This essay reviews the Vision and Practice section of the International Handbook of Jewish Education published in 2011.
Editor's article review (Michael Zeldin):
Jennifer Glaser opens with a review of the first section of the International Handbook of Jewish Education, “Vision and Practice.” She analyzes this “rather eclectic section” drawing on her textured understanding of philosophies of education. She begins with Barry Chazan's and Daniel Pekarsky's articles and explores the descriptive-normative distinction in the philosophy of Jewish education. She points out that “this distinction becomes complex when we put language to use.”
Glaser uses the normative-descriptive lens to provide a heuristic for unpacking the papers in this section. For example, she analyzes Charme and Zelkowicz's paper on Jewish identity by explaining that their shift in the normative meaning of Jewish identity “repositions the research task from measuring the strength of past mechanisms as predictors of the Jewish future to one that focuses on uncovering ever emergent Jewish possibilities.”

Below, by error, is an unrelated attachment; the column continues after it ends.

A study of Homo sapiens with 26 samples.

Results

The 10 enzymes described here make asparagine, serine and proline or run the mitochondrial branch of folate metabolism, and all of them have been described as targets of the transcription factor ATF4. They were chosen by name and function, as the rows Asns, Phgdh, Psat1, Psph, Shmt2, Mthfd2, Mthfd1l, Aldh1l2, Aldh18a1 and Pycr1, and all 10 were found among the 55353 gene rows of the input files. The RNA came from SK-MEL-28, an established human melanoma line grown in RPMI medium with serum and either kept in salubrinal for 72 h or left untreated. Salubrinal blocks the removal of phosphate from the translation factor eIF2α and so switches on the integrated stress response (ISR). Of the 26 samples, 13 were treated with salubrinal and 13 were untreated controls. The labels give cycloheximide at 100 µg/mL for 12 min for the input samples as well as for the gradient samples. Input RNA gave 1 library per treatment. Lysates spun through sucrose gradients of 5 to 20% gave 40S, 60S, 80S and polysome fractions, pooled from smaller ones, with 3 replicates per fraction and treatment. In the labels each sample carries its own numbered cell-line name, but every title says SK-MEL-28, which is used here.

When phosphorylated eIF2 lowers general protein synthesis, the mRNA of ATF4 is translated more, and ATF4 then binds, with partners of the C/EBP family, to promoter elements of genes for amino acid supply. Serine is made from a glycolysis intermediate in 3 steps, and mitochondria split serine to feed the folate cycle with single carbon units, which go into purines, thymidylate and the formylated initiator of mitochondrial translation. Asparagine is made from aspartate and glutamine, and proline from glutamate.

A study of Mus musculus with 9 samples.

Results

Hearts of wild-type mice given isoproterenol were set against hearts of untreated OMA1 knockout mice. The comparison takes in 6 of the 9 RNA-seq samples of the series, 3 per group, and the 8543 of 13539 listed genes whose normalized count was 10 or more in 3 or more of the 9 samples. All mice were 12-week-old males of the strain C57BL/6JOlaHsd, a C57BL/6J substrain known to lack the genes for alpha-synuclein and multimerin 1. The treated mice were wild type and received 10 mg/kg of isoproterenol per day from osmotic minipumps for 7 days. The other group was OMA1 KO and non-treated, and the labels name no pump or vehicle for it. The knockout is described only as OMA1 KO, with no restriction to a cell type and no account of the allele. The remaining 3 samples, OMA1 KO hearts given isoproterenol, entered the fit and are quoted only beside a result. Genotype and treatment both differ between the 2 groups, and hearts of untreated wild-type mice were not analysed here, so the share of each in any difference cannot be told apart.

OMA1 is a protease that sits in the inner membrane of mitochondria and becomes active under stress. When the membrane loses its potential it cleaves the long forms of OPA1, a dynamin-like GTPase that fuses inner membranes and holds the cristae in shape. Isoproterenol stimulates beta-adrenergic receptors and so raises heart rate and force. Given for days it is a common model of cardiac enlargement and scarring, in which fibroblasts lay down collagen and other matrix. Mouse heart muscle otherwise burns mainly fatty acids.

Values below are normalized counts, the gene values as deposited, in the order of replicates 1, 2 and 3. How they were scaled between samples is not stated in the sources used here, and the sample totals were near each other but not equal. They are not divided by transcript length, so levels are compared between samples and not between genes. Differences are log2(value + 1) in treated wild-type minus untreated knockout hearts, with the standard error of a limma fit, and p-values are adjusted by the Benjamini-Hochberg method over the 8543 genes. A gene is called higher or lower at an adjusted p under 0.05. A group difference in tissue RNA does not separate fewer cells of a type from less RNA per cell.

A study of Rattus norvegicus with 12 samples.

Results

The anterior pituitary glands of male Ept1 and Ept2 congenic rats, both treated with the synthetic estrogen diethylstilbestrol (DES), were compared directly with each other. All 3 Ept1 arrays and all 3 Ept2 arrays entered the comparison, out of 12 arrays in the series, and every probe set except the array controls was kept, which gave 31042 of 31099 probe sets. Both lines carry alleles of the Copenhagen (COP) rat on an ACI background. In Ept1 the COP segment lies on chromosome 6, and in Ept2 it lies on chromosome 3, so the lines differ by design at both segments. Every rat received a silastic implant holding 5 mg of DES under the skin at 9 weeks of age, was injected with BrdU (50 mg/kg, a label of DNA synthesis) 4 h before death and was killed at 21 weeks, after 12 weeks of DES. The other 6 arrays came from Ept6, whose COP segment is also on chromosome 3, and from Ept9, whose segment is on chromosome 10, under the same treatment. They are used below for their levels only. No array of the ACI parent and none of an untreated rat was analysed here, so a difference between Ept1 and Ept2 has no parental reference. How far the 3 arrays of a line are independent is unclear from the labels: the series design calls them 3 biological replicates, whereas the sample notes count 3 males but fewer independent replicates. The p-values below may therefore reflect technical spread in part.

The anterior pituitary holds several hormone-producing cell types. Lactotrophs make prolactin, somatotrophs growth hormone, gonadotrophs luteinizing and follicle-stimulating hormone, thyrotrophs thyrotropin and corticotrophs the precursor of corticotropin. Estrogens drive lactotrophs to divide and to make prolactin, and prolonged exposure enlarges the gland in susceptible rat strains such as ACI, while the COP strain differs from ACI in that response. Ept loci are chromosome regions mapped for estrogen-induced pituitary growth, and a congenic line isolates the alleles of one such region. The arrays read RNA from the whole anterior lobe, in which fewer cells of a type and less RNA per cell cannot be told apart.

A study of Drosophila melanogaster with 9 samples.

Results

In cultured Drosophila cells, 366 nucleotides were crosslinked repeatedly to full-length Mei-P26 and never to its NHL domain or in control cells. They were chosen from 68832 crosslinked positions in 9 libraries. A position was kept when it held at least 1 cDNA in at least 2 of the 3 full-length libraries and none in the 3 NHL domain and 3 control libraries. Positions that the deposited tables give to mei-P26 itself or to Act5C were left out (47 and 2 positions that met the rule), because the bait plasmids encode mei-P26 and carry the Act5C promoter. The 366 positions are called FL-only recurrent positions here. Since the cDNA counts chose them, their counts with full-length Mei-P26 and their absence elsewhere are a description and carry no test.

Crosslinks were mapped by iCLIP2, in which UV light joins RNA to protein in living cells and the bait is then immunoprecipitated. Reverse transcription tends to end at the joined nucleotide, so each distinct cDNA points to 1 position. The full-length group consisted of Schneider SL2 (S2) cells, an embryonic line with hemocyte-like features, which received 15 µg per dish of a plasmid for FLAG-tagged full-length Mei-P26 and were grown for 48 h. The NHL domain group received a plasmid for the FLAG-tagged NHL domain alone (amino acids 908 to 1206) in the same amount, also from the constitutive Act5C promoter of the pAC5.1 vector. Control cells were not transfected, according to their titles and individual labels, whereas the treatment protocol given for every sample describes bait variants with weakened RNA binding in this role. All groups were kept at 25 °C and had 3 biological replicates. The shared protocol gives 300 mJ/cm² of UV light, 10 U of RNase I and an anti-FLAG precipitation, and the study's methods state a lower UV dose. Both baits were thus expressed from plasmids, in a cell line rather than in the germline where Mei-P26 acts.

Glaser identifies a second thread which runs throughout this section of the Handbook, the “changing rules of engagement,” which she describes as the various ways in which “Jewish education might best respond to changes taking place in the broader social and intellectual context in which Jewish community is situated.” Finally, she looks at “the power of the example,” looking at three ways the papers use the many examples they present to help us understand Jewish education.